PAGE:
June 23, 2018

By Nick Sambides Jr., BDN Staff

EAST MILLINOCKET, Maine — Schenck High School students can graduate with as many as 18 college credits starting in September under an expanded program that could eventually draw more families into the Katahdin region, officials said Friday.

Built around a single class first offered 14 years ago by English teacher Nancy Moscone, the dual-enrollment program will offer high school and college credits to qualified juniors and seniors in four courses taught during school hours and two more offered after school, she said.

“With our declining enrollment, we are always looking for ways to make Schenck High School more attractive, to give students and parents more advantages by coming here,” Principal John Farrington said Friday.

The program, Farrington said, might also draw more teachers with master’s degrees interested in teaching college- and high school-level courses.

The program costs the AOS 66 school system $60 per class, or $20 per credit, for each student enrolled. By comparison, the University of Maine System charges about $269 per credit, Moscone said.

The budget for AOS 66, which serves East Millinocket, Medway and Woodville, is not finalized, but school board members have tentatively set aside $6,000 for the 2013-14 school year, which begins July 1.

Schenck’s effort is not unlike several pilot programs developing around the state. It closely resembles but is not connected to the Bridge Year Program at Hermon High School.

A joint venture this year that includes Hermon High, United Technologies Center, Eastern Maine Community College and the University of Maine, the Bridge Year Program enables Hermon students to earn as many as 29.5 college credits during their junior and senior years and summer vacations.

Participants who stick with the Bridge program can complete their two-year degree programs in the year after graduating high school.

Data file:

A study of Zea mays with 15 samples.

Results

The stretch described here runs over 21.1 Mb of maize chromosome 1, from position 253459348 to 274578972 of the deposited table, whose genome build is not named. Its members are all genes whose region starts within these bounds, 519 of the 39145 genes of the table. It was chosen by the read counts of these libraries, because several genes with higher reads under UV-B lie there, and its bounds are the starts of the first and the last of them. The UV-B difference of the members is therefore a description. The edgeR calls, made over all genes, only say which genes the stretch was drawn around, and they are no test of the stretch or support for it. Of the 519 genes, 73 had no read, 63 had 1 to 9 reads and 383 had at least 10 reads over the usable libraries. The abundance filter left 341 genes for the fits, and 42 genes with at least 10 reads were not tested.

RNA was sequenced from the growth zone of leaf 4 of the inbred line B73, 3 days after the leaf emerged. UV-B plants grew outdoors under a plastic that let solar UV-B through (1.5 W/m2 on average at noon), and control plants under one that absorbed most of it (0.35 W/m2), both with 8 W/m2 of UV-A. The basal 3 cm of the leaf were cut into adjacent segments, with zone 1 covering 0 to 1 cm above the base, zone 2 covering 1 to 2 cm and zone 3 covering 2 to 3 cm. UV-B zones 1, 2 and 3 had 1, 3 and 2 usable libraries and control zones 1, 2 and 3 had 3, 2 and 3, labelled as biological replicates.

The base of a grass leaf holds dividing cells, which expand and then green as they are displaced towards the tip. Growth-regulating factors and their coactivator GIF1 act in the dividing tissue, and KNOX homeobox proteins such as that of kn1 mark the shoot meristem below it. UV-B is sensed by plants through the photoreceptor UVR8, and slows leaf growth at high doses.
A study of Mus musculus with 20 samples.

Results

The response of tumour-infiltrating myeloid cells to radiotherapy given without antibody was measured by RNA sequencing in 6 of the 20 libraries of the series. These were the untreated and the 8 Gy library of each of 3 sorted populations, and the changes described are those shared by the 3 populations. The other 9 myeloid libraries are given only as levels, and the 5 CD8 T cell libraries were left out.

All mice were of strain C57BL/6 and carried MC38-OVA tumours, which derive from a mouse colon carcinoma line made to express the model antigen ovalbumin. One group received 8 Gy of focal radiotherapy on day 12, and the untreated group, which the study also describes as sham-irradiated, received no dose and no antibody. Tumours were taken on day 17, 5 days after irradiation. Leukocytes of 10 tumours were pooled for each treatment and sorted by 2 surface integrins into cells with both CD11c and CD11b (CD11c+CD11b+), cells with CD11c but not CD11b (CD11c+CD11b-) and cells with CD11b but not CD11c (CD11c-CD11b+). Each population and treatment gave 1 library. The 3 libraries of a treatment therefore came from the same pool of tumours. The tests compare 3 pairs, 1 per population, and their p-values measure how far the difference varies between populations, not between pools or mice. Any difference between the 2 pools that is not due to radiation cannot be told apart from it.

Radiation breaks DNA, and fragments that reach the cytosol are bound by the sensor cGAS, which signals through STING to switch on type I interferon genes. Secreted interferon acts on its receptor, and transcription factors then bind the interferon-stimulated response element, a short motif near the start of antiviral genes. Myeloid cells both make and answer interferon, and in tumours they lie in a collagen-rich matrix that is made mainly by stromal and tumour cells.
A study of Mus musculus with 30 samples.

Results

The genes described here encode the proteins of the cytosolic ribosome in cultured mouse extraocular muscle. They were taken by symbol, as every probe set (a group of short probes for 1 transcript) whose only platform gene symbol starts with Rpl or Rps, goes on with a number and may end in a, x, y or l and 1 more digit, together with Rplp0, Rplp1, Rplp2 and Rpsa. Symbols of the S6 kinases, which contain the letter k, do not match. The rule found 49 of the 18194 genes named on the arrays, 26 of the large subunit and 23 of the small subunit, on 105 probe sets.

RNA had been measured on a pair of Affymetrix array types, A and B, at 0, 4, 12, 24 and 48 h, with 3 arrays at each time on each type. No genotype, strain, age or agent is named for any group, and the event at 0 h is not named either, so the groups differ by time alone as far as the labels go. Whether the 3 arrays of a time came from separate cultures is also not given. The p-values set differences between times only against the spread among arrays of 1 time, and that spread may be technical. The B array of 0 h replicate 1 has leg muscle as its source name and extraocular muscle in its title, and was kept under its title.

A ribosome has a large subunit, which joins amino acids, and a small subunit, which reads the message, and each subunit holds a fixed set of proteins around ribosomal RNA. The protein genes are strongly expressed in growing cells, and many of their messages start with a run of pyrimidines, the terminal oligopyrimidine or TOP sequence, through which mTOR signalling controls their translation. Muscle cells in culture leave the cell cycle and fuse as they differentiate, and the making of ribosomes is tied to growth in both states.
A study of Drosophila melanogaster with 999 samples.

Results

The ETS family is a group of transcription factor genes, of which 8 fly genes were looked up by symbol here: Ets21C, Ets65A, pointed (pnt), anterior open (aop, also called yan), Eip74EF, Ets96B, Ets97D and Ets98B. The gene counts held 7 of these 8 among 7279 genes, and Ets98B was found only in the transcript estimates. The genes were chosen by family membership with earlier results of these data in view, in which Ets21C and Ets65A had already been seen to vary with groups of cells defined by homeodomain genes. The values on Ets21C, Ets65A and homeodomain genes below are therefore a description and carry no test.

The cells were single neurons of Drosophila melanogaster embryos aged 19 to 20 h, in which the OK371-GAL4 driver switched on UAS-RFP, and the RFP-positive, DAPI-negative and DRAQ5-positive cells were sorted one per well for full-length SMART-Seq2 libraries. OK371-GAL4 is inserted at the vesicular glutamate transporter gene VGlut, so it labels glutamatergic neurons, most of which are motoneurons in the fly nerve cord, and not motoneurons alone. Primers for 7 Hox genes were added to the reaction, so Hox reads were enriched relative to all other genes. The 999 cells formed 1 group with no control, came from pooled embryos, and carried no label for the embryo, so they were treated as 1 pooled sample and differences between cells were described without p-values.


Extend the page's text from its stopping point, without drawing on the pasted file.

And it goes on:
Schenck’s program teams with the Katahdin Region Higher Education Center and Eastern Maine Community College and promises 18 credits earned through the four in-school courses.

Schenck teacher Will Cousins will teach College Algebra; teacher Paula Sprague will offer Child and Adolescent Development; teacher Jesse Page will teach Understanding Music; and Moscone will teach College Composition: English 101, Moscone said.

In the after-school programs, teacher Charla Lowell will offer Introduction to Psychology and teacher Cathy Steeves will guide juniors and seniors through Introduction to Sociology, a class two Schenck juniors are taking now at KRHEC, which is in East Millinocket, Moscone said.

“Our hope is that once this gets ahold, that the potential is certainly there for students to graduate with 15 college credits,” Moscone said. “I guess my goal would be for them to strive to graduate with 12 to 15 credits because these same kids are taking AP classes and other things and it all adds up to a whole lot of rigor.”

The program is timely given concerns that a proposed Schenck roof repair job, combined with the continuing regional population decline and economic downturn, threatens the future of the school, which also houses Opal Myrick Elementary School.

But Moscone estimates that it will take two to five years before the enhanced program really catches on. As of Friday, 18 students had signed up for her composition class. Sign-ups will continue for several weeks.

The program’s greater aim, she said, is to help alleviate the cost of college for Schenck parents and students.

“We are doing this to raise the level of opportunity and expand our curricula for the students we have. If it brings in added students, then that is just an added bonus,” Moscone said.